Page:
Customer Journey

The Customer Journey is the full experience someone has with a brand or company, starting from when they first hear about it to after they buy something and any interactions that follow.1

This covers all the moments a customer interacts with a company, from discovering the brand to researching, purchasing, and receiving customer support. 2

Visual Representation

customer journey visual representation


The primary purpose of the customer journey is to understand how customers behave, what they like, and the problems they face when interacting with a brand.

This knowledge lets sellers adjust their marketing, sales, and support to better suit customer needs, leading to more sales, happier customers, and stronger loyalty.

It also enables them to offer a smooth, personalized experience that meets customer expectations and strengthens their relationship with the brand.3

Key Components

The customer journey includes several key components that represent the stages or touchpoints a customer goes through in their interaction with a brand.

  1. Awareness: The stage where potential customers first become aware of your brand, product, or service. This could be through advertising, social media, word of mouth, or search results.
  2. Consideration: At this point, customers are evaluating their options. They’re considering your product or service alongside competitors, researching features and benefits, and reading reviews.
  3. Decision: The decision phase is when the customer proceeds with a purchase. Factors influencing their decision include price, product features, brand reputation, and customer service experiences.
  4. Purchase: This is the action stage where the customer completes the transaction. The ease and satisfaction of the purchasing process, including payment and the checkout experience, are critical here.
  5. Post-Purchase Experience: After buying, the customer’s experience with the product, customer service, and any follow-up communication (like feedback requests or support) impact their overall satisfaction.
  6. Loyalty: If the post-purchase experience is positive, customers may develop loyalty to the brand, leading to repeat purchases. Loyalty programs and ongoing engagement can enhance this.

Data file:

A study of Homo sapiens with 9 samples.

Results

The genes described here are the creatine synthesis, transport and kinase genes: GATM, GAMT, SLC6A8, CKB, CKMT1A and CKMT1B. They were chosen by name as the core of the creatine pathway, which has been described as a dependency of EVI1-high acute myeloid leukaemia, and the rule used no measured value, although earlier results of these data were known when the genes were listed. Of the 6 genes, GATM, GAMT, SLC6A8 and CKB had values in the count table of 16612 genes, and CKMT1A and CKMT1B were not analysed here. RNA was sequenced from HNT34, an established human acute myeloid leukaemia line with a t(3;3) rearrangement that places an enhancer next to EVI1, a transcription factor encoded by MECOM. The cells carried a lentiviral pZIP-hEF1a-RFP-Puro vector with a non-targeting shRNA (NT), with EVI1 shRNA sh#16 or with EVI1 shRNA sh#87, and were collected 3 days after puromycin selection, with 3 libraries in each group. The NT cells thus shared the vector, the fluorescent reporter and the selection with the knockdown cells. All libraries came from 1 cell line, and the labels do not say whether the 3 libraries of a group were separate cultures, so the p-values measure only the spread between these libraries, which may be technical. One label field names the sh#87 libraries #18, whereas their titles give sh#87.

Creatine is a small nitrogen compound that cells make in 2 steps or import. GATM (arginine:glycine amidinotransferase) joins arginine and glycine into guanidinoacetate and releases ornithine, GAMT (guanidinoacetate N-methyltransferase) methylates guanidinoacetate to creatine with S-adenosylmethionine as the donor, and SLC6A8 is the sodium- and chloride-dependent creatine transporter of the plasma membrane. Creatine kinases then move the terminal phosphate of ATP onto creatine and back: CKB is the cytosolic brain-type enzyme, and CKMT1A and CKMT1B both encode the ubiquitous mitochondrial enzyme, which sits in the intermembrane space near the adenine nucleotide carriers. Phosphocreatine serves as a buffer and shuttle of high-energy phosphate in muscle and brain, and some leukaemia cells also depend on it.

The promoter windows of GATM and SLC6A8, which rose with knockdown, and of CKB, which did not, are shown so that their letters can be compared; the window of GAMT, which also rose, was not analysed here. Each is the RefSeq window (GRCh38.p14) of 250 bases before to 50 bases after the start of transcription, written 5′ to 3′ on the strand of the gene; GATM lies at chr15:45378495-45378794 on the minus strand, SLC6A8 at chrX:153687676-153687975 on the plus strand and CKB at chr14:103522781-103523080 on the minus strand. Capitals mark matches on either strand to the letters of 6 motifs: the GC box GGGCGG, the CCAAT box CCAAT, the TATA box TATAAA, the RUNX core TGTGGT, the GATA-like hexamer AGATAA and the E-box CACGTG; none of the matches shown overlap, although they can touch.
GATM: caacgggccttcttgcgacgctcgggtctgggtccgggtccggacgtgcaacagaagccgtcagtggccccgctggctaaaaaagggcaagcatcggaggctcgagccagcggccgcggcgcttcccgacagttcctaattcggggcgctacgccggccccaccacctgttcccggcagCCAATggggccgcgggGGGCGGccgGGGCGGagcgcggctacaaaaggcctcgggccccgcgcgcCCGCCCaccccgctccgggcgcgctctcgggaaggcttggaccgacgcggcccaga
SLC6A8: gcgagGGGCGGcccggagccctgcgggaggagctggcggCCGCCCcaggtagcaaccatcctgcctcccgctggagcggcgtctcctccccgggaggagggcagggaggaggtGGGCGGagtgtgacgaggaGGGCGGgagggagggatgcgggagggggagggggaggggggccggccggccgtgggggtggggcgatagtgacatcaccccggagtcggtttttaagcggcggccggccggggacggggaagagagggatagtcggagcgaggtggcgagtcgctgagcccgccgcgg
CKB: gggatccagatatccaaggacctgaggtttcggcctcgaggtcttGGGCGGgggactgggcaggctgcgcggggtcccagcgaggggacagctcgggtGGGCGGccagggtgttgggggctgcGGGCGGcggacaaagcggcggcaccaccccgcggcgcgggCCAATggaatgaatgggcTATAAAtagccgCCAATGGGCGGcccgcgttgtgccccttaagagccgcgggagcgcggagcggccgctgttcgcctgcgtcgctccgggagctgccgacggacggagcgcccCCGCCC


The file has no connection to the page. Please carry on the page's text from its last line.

7. Advocacy: Satisfied customers might share their positive experiences with others, becoming brand advocates. They can influence new potential customers through reviews, testimonials, and word-of-mouth.
  8. Feedback Loop: Customer feedback, whether positive or negative, provides valuable insights for improving products, services, and the overall customer journey.4


The customer journey is used across different parts of a business to improve and personalize the experience with a brand, product, or service.

Here’s where it’s really helpful:

  1. Marketing: Helps create ads and messages that catch people’s interest at the right time.
  2. Sales: Guides sales people on how to talk to potential buyers and what help they might need to decide to buy.
  3. Customer Service: Shows how to make customers happy at every step, like solving problems quickly or making returns easy.
  4. Making Products: Helps figure out what products people want or how to make them better by understanding what customers like or don’t like.
  5. Online Shopping: Makes websites more straightforward to use, so people can find what they want, learn about it, and buy it without any hassle.
  6. Designing Apps or Websites: Helps make using an app or website a good experience so everything works smoothly and is enjoyable.
  7. Writing Articles or Making Videos: Guides what kind of information or stories to share that answer customers’ questions or get them excited about something.
  8. Listening to Customers: Uses what customers say about their likes or problems to make everything better for them.5


Imagine Emma, who loves fitness and wants her workout shoes to be both comfortable and stylish.

Here’s how she goes about buying a new pair of athletic shoes online:

  1. Awareness: Emma feels discomfort in her old shoes, prompting her to look for new ones online by searching for “best running shoes for women.”
  2. Consideration: She explores different brands, reads reviews, and narrows her options to two brands that stand out for their comfort and style.
  3. Decision: Emma compares the prices and offerings on the websites of her top two choices, looking at return policies, available sizes, and discounts.
  4. Purchase: After weighing her options, Emma buys a pair of shoes using a safe payment option.
  5. Post-Purchase: When the shoes arrive, she tries them on. She’ll keep them if they’re a good fit and she’s happy with them. The company might also email her tips on shoe care or special deals to keep her engaged.

Related Terms


1. Bynder. (2023, October 4). What is a customer journey? A definition.

2. The customer journey — definition, stages, and benefits. (2023, June 27).

3. All you need to know about the customer journey. (2024, January 15).

4. Mangiaracina, R., Brugnoli, G., & Perego, A. (2009). The ecommerce customer journey: A model to assess and compare the user experience of the ecommerce websites. Journal of Internet Banking and Commerce14(3), 1-11.

5. Wright, S. J. (2019). Digitizing the Customer Journey: Using the Latest Digital Technologies to Support Growth, Efficiency and Delight Customers Throughout the Customer’s Touchpoints. Switzerland: Bluetrees GmbH.